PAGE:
Our scripture this morning is Luke 16:10-15.
“If you are faithful in little things, you will be faithful in large ones. But if you are dishonest in little things, you won’t be honest with greater responsibilities. And if you are untrustworthy about worldly wealth, who will trust you with the true riches of heaven? And if you are not faithful with other people’s things, why should you be trusted with things of your own? No one can serve two masters. For you will hate one and love the other; you will be devoted to one and despise the other. You cannot serve God and be enslaved to money.” The Pharisees, who dearly loved their money, heard all this and scoffed at him. Then he said to them, “You like to appear righteous in public, but God knows your hearts. What this world honors is detestable in the sight of God.”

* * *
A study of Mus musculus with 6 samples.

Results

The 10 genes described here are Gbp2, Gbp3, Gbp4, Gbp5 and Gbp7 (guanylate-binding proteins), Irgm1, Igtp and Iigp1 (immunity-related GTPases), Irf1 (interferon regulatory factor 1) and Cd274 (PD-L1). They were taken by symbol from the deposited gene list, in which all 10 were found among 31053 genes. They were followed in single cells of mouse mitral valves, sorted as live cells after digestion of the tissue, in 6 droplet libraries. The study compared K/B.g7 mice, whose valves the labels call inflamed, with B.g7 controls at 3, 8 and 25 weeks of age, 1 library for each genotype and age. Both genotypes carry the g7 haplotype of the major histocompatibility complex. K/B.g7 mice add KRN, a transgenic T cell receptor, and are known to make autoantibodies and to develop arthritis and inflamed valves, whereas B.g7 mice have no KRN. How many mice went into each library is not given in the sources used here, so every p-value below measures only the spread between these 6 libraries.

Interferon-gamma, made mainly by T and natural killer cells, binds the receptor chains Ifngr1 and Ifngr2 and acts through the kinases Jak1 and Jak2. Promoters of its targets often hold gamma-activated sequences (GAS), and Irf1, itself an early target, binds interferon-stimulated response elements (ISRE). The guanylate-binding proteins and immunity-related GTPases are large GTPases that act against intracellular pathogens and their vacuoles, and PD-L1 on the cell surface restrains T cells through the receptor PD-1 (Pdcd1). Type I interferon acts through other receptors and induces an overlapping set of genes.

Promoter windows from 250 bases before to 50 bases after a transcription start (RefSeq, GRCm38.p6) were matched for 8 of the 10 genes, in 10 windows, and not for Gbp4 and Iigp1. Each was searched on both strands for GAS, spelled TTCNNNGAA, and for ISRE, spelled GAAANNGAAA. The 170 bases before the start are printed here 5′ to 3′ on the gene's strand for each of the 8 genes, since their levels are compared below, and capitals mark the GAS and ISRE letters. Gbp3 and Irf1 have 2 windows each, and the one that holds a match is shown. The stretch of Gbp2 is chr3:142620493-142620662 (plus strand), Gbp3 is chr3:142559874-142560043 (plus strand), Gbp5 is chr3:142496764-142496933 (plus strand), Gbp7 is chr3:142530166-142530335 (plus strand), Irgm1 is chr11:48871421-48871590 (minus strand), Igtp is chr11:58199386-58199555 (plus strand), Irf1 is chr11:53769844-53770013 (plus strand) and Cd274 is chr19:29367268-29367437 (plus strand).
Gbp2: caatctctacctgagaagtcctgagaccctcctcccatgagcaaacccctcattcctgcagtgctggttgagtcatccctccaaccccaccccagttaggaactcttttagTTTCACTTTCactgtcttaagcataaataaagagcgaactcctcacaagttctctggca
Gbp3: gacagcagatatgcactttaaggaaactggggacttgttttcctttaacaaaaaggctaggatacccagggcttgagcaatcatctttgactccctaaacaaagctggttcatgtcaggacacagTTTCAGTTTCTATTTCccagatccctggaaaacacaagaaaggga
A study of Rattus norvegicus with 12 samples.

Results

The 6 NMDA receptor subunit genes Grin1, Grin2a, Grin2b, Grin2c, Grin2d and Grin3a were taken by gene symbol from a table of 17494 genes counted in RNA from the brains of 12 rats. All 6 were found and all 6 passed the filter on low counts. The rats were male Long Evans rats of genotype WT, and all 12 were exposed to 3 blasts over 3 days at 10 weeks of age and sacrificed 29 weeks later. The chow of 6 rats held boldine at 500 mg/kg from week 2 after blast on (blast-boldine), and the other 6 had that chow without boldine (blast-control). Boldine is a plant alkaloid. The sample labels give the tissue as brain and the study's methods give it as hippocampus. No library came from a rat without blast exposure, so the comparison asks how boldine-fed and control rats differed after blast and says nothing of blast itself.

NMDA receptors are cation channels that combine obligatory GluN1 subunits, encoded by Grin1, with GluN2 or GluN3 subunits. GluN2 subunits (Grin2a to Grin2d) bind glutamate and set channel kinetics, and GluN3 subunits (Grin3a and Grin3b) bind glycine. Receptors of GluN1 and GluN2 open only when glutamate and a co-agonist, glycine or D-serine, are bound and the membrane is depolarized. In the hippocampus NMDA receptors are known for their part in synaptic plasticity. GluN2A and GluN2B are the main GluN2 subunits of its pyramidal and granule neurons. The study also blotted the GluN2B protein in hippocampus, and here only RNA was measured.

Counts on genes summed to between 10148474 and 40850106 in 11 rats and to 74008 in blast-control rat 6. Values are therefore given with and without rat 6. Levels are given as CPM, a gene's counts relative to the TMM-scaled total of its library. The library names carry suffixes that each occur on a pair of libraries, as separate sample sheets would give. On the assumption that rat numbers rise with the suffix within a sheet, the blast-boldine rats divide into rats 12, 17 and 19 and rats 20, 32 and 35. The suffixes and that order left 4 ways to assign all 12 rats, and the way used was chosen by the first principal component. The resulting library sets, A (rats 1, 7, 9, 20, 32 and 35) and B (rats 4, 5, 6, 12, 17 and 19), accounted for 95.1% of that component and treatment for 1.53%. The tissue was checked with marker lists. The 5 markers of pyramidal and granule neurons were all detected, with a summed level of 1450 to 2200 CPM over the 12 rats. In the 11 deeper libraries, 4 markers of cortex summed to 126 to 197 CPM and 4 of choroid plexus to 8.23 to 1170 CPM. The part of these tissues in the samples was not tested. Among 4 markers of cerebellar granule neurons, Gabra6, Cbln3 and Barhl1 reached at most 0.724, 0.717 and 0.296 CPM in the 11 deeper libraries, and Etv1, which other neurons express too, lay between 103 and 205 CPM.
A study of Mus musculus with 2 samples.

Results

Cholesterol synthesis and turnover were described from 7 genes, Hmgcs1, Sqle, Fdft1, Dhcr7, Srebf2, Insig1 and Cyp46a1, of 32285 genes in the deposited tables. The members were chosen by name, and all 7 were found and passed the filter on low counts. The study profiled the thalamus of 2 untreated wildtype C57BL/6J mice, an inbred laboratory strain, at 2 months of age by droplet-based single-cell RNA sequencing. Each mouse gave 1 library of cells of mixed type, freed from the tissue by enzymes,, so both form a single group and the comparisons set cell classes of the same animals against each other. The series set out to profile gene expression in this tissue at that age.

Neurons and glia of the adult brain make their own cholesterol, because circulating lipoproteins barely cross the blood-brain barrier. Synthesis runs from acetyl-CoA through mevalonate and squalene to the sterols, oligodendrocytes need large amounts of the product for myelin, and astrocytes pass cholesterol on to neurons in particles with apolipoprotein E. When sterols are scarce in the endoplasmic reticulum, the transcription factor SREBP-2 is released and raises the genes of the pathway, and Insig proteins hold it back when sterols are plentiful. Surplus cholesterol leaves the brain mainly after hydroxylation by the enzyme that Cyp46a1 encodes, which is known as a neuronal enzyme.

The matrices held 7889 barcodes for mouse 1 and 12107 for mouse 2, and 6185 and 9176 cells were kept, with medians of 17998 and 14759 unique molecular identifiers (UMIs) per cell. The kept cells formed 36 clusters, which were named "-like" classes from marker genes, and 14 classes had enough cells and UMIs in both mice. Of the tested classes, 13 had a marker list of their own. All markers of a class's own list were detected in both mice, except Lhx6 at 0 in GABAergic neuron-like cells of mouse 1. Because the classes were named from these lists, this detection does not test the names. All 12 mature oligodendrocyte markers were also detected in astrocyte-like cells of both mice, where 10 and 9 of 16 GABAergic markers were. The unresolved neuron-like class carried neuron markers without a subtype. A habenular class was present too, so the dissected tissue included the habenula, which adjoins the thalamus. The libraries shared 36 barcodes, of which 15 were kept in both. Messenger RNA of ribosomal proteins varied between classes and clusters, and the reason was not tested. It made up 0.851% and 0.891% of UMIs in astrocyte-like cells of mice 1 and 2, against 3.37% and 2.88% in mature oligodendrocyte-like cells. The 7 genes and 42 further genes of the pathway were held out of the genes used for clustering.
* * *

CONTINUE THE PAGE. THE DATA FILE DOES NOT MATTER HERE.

Jesus tells us that little things matter because they indicate our level of care. He warns “if you are dishonest in little things, you won’t be honest with greater responsibilities” (v. 10). He is pointing out the vast difference between the earthly blessings we are called to use wisely here and the gift of salvation, which can be ours through faith in Him.
Again, Jesus isn’t saying being wealthy is a sin, but how we obtain and use our wealth can be. If we come to love money, it affects our relationship with God and each other. He tells us plainly “You cannot serve God and be enslaved to money” (v. 13).
Our economic condition doesn’t make us good or bad in the sight of God, He looks at how we live together and care for each other. If getting money or keeping what we have is more important than honoring God and those around us, we have become like the Pharisees in this passage. We must use the gifts we have been given for the good of all in order to be ready for the day of His return.
Gracious God, in Your wisdom You have gifted us each differently. Help us to use our talents and resources well that all may see Your love and know the joy of eternal life with You. Amen.